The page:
The electric vehicle revolution: Why it’s already time to invest in the grid
How should interested investors approach the EV charging grid opportunity?
From the new LEVC electric black cab to the battery-powered buses now purring through many cities’ streets, the era of the electric vehicle (EV) has already begun. But despite growing numbers, development of the charging infrastructure hasn’t yet taken off. How should interested investors approach the EV charging grid opportunity?
Who will use the grid?
One reason investors have held off to date is uncertainty – around policy direction but also, and more importantly, around timing. While it’s pretty clear that EVs will replace petrol and diesel vehicles soon, investing in the grid now raises many questions. Which users’ demand should you try to meet? Privately owned electric cars, commercial taxi fleets or self-driving electric buses? No-one wants to spend heavily developing ‘stranded assets’ that there’s little demand for.
This is why investors must work in partnership – with local authorities, energy networks, charging companies, digital solution providers – to understand customer’s needs and develop a business model attuned to this early phase of the EV revolution, responding to cities’ wider social goals.
Build infrastructure around existing demand
Developing an understanding of where the demand is coming from and how consumers will use EVs will be critical in sizing, scaling and shaping the right infrastructure.
Outside the home charging model, we see two types of demand drivers which will lead to distinct market opportunities to capture customers and therefore contribute to de-risk the investment:
Business model 1: ‘the destination user’
Airports, stations, car parks, business parks and major office spaces are great places to site charging stations and infrastructure. These locations provide a level of guaranteed demand and are naturally environments where users will leave vehicles long enough to fully recharge on fast charging points, as well as providing a fleet of stand-by batteries to be used for balancing services, meaning higher revenue generation possibilities.
Tariff structure in this model for example could favour a fixed charge that covers the land rental use (parking) and the rental of the infrastructure (the charging point). For investors, forming partnerships now with key players such as transport authorities, utilities and other parts of the supply chain, will unlock these opportunities.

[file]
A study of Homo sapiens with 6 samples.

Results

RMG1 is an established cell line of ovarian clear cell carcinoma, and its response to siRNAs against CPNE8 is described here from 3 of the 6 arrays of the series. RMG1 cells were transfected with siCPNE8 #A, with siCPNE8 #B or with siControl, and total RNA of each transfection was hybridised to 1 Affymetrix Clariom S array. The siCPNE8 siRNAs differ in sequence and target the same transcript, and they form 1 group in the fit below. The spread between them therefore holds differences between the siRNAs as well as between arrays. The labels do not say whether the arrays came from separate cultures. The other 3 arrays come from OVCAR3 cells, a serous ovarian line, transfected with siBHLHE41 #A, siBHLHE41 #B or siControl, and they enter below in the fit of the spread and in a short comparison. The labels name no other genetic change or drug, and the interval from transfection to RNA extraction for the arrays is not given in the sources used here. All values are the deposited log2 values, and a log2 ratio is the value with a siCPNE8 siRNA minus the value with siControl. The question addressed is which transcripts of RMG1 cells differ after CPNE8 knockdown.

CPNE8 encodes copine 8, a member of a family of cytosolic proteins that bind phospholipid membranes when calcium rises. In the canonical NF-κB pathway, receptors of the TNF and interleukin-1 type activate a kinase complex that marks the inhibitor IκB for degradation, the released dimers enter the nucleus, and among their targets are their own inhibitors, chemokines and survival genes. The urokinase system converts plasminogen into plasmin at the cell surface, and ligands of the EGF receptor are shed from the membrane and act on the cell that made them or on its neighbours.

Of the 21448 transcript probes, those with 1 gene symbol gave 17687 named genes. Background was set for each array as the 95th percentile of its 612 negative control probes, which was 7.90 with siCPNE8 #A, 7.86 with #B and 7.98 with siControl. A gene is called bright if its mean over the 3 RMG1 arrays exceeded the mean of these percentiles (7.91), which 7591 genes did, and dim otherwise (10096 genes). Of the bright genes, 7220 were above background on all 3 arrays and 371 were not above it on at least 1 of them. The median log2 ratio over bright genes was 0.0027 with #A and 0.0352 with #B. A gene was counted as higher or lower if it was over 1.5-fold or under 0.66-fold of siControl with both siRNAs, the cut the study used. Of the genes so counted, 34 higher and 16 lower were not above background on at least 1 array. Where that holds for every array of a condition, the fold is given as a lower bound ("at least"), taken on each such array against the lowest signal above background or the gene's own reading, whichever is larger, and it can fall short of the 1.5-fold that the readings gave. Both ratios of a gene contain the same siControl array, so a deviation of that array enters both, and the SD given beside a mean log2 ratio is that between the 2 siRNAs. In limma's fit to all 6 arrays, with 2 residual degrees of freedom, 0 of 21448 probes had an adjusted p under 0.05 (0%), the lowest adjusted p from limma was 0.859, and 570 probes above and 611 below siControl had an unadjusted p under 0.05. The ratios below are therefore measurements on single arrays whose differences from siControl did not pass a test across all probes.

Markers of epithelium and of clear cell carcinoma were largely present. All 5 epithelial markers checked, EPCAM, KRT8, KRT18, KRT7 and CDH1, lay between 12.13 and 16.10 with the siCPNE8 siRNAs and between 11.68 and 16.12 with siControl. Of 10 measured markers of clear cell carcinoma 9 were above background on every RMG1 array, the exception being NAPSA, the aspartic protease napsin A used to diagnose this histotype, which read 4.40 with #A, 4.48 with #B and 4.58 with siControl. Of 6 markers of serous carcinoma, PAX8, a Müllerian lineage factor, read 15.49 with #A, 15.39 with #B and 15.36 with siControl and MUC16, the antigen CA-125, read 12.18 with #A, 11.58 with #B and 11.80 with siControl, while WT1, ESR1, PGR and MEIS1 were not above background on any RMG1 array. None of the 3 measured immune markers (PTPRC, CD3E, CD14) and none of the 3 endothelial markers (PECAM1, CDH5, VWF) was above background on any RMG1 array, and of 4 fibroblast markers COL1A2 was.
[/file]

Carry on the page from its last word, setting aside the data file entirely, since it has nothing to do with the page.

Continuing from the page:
Business model 2: ‘the hub user’
Cities are full of businesses that rely on large fleets of specialist vehicles, from taxis, to buses, to emergency services vehicles, to delivery vans. For investors these represent potential attractive propositions as they offer the opportunity to unlock another captive and concentrated market, via the deployment of ‘charging hubs’ where fleet owners can re-charge vehicles at rapid or super-rapid charging points.
Eventually we would expect competitive forces to drive all consumers to the most commercially attractive charging location, but in the early stages commercial fleet hubs provide a degree of certainty to investors and will support the development of a supply chain. Tariffs could be tailored to favour a discount on the retail power price, in return for a minimum level of guaranteed demand.
As success depends on managing the combination of access to land, access to people and access to power infrastructure, forming a collaborative relationship with public sector data providers and utilities who share a stake in the charging grid’s development, will be essential.
How this will shape our cities
Our electric vehicle charging infographic shows how different business models can meet users’ needs, by giving varied and accessible charging solutions.
The data reveals the drivers
The EV revolution is in fact taking place in parallel with a new generation of data-driven tools that reveal much about our travelling habits. This means investors and future owners of the charging infrastructure will be able to refine their market proposition using data-driven insights based on how companies structure their logistics and supply chains, and how real people move around their cities, route their commutes and spend their leisure time.
A chance to define the market
A fledgling and developing market provides a great opportunity to set market standards and consumer expectations, by working with cities, government and regulators – for example, in creating new innovative business and tariff solutions. But to achieve this, it will be advantageous to develop partnerships and relationships with organisations that can design, deliver and manage what is essentially an entirely new public mobility proposition.
Original content can be found at www.arup.com.